A witness defamed a defendant during the trial before the Circuit Court in Lublin
On Thursday, 4 August 2011, the Circuit Court in Lublin dismissed the appeal brought by Zbigniew Ż., found guilty of defaming his neighbour D.R. by calling him ‘a Police snitch’. The incident took place at courtroom during the trial of D.R., who was charged with assault causing bodily harm. Zbigniew Ż. was a witness in the case. The HFHR observed the trial.
‘It is a dangerous practice to hold witnesses liable for discharging their civic duty. If we do it, people will testify briefly and vaguely so as to avoid responsibility’, says Dominika Bychawska-Siniarska, Content Director of the Observatory of the Freedom of Media in Poland. ‘We observe the dangerous practice of prosecuting individuals for their words used during trial or in a pleading’, she adds. (For more information see the article “Guilty of saying too much about an assailant” in Dziennik Wschodni).
The case against D.R. was heard before the District Court in Radzyń Podlaski. During a hearing, the witness Zbigniew Ż. said, among other things, that ‘(…) all this fuss about R. comes from the fact he’s a Police snitch and they treat him better than everyone else.’ These words was spoken in the presence of a closed circle of people, namely a judge, recording clerk, attorneys, the defendant and the witness himself. Nevertheless, defendant D.R. felt offended by this statement and decided to file a private indictment against Zbigniew Ż., citing the offence under article 212 of the Criminal Code (defamation).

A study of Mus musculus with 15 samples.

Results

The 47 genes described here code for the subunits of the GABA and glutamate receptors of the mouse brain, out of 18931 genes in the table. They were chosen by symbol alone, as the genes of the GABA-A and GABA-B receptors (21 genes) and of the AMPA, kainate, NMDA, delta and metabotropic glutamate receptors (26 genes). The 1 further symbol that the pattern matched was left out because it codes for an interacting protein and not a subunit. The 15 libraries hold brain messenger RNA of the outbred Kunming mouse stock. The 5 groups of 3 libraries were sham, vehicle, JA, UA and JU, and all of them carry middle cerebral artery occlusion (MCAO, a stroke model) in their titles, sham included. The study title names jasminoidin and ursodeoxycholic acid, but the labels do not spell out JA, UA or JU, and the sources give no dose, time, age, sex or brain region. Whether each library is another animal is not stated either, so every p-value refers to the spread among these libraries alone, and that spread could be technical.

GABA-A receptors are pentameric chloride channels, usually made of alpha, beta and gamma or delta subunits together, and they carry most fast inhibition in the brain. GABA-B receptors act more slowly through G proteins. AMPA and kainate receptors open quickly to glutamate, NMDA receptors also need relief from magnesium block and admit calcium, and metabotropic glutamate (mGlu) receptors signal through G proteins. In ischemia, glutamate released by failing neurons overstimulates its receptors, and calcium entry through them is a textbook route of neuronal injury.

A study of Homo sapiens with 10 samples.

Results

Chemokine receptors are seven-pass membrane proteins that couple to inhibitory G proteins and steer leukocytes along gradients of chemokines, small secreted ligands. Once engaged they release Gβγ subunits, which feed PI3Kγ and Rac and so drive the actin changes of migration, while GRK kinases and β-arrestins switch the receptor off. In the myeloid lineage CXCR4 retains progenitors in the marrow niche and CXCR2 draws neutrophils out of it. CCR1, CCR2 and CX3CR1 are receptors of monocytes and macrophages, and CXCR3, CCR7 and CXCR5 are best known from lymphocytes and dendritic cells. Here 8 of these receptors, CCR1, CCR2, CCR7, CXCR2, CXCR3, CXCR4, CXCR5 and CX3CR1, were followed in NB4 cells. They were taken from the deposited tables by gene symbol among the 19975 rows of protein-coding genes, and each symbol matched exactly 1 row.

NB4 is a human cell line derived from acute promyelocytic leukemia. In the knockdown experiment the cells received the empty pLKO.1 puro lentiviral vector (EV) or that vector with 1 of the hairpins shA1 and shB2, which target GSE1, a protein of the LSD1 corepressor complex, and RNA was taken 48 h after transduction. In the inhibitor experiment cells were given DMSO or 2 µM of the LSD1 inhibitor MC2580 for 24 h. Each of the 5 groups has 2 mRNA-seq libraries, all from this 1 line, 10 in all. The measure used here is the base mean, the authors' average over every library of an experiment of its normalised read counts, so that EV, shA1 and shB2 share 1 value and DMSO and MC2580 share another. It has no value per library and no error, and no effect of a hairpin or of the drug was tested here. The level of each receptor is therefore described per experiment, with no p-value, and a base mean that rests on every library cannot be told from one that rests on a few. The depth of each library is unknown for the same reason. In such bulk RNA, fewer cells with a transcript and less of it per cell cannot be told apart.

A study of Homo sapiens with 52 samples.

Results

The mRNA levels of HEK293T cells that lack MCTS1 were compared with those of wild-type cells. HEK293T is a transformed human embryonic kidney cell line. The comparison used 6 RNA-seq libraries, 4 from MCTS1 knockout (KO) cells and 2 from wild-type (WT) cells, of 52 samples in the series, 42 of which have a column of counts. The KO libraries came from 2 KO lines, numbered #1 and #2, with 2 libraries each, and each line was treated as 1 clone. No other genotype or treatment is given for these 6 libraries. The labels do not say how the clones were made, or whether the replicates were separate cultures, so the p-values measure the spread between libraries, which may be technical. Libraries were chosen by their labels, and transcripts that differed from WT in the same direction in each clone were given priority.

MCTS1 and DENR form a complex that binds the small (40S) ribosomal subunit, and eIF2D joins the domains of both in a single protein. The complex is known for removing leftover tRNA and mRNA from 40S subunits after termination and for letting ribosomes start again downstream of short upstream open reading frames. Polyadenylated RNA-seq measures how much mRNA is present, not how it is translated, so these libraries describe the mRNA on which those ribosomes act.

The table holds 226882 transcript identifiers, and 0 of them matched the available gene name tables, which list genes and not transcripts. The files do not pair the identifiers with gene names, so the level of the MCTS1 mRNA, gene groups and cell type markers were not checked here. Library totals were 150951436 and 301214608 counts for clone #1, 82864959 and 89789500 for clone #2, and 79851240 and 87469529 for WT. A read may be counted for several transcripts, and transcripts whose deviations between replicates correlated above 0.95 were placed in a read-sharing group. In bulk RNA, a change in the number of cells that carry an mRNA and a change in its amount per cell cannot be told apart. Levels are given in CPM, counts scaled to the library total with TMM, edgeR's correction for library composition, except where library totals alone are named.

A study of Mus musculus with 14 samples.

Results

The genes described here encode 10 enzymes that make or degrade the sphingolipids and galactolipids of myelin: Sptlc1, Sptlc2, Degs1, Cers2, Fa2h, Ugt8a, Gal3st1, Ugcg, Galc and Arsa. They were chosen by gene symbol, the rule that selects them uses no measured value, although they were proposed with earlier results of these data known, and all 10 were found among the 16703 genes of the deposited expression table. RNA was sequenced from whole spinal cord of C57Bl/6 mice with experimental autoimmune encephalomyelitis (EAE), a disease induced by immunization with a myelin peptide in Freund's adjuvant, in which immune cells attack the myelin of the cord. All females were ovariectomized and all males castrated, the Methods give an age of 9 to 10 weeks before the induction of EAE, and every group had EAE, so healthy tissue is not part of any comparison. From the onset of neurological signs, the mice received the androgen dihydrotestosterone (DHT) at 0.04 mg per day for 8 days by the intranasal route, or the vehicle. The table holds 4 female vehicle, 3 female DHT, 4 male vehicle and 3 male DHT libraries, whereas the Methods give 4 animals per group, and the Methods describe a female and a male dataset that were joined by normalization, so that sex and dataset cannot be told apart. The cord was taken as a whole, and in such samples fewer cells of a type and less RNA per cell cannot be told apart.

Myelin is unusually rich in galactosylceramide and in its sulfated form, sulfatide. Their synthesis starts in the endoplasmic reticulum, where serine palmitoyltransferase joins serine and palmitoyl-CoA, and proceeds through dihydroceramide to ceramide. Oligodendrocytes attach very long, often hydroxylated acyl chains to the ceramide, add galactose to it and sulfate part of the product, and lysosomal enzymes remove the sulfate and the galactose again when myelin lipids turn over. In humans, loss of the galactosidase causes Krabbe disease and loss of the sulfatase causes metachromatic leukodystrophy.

In April 2011 the District Court in Radzyń Podlaski found Zbigniew Ż. guilty of defamation and ordered him to pay a fine of PLN 1,600 and obliged him to disburse PLN 500 for the Polish Red Cross. Additionally, the court requested Zbigniew Ż. to cover the party’s legal fees (PLN 3,600) and trial costs (PLN 300). The District Court also ordered Zbigniew Ż. to pay the court filing fee of PLN 200 and court costs of PLN 70. In total, the witness testimony of Zbigniew Ż. cost him more than PLN 6,000.
Zbigniew Ż.’s attorney appealed against the judgment of the District Court. In the appeal he argued that the court failed to establish whether or not the defendant had a direct or oblique intention to commit the act, a legally required element of defamation. Also, the counsel for the appellant argued that the accuser could not have been defamed in the eyes of the public since he himself admitted on the record that he had heard that opinion about him many years before.
The Circuit Court in Lublin dismissed the appeal as manifestly groundless, stating, in the verbal reasons for the decision, that the first instance court had examined all available evidence and this examination had been conducted freely but not arbitrarily.
Since the ruling of the appellate court is final and the defendant has no right to bring a cassation complaint against it, Andrzej Latoch, attorney representing Zbigniew Ż. said he would make the cassation request to the Human Rights Defender and Prosecutor-General. Mr Latoch did not rule out bringing this case to the European Court of Human Rights.